Although trusts have come under the scrutiny of the South African tax authorities, they remain a sound wealth planning tool as a means of preserving assets, particularly for children under 21 who might not know how to manage money responsibly.
However, there are a number of challenges for families with children living overseas when those children are beneficiaries of South African trusts.
Many countries take a hostile view of foreign trusts, and many civil law countries do not recognise the concept. Therefore, a beneficiary of a South African trust who is resident in another part of the world can find him- or herself in a tangled web without knowing how they got there.
If you are considering forming a family trust, it is important to check where the beneficiaries are tax resident and take this into consideration when deciding whether to appoint them as beneficiaries.
If you have a trust and a beneficiary intends moving abroad for any significant length of time, you need to find out about that country’s tax treatment of distributions to beneficiaries of a discretionary trust and seek the necessary advice before the beneficiary takes up residence outside South Africa.
If amendments to a trust deed need to be made once a beneficiary has moved, they must be made with extreme caution in order not to trigger any vesting of trust assets in the beneficiary, or change of the domicile of the trust and or potential capital gains in the trust. This is no easy matter and again expert advice should be sought.
Growing alternative to a testamentary trust
A South African discretionary trust is not able to hold offshore assets directly, unless this is via an asset swop. As a consequence, many South Africans hold offshore assets in their personal capacity, such as via offshore wrapper products, and these need to be taken into account for the purposes of their estate planning.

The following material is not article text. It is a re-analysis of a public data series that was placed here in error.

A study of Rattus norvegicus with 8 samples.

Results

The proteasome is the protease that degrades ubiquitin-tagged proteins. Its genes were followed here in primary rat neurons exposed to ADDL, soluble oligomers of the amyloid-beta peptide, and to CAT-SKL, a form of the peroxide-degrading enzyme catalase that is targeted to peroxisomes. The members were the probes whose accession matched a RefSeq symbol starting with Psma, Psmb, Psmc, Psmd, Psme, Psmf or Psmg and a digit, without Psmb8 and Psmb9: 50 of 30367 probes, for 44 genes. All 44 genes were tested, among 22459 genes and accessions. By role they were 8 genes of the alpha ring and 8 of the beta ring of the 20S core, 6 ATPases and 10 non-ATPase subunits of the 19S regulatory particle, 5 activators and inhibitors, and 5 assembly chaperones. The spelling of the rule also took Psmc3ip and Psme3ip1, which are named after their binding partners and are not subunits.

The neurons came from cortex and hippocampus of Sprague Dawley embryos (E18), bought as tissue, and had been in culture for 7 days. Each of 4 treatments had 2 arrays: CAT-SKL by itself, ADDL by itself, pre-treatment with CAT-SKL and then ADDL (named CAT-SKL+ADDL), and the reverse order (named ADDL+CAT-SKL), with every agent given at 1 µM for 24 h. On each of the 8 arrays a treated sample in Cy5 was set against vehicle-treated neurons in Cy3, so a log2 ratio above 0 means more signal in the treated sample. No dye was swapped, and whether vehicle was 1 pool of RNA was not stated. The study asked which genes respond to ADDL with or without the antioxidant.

It has been standard practice to provide for minor children in a will by way of a testamentary (will) trust. Yet a testamentary trust, which comes into existence only on death, cannot be a beneficiary of an offshore wrapper - a trust has to be in existence in order to qualify as a beneficiary of an offshore wrapper.
We have noted a trend among our client base for families to set up a dormant offshore trust (also known as an incubator, freezer, bottom-drawer, standby or pilot trust), which is in effect an alternative to a testamentary trust. Doing this allows the South African settlor to bequeath his or her offshore assets to an existing discretionary offshore trust (dormant until the death of the settlor). It is placed in his or her “bottom drawer” until such time as it needs to receive the assets - which is usually on the settlor’s death but it can also be “brought to life” at any time.
Such a trust, because it is in existence, can be named as a beneficiary of an offshore wrapper.
The advantages include:
* You can retain a larger pot for investment growth (the trust as a single entity receives assets instead of them being distributed among heirs).
* The trust is more flexible and fluid than a testamentary trust which is often age- or event-restricted. For example, a testamentary trust could stipulate that, at age 25 or upon a certain event, the trust will wind up, the beneficiary may be paid out the lump sum and will no longer be subject to the decisions of trustees. In contrast, in a dormant offshore trust, the trustees will play an ongoing role and legacy assets (multigenerational assets) can be held in trust.
* It can be amended more easily than an offshore testamentary trust.
* It allows beneficiaries to accept offshore assets directly (but then, of course, they need to obtain tax advice in their country of residence).
With increasing global mobility and opportunities for children to study and work abroad, you should ensure sufficient flexibility when creating offshore structures and careful consideration should be given to the various merits of setting up a testamentary trust compared to a bottom drawer trust or an active inter vivos trust.
Cheryl Howard is the managing director of Maitland Family Office.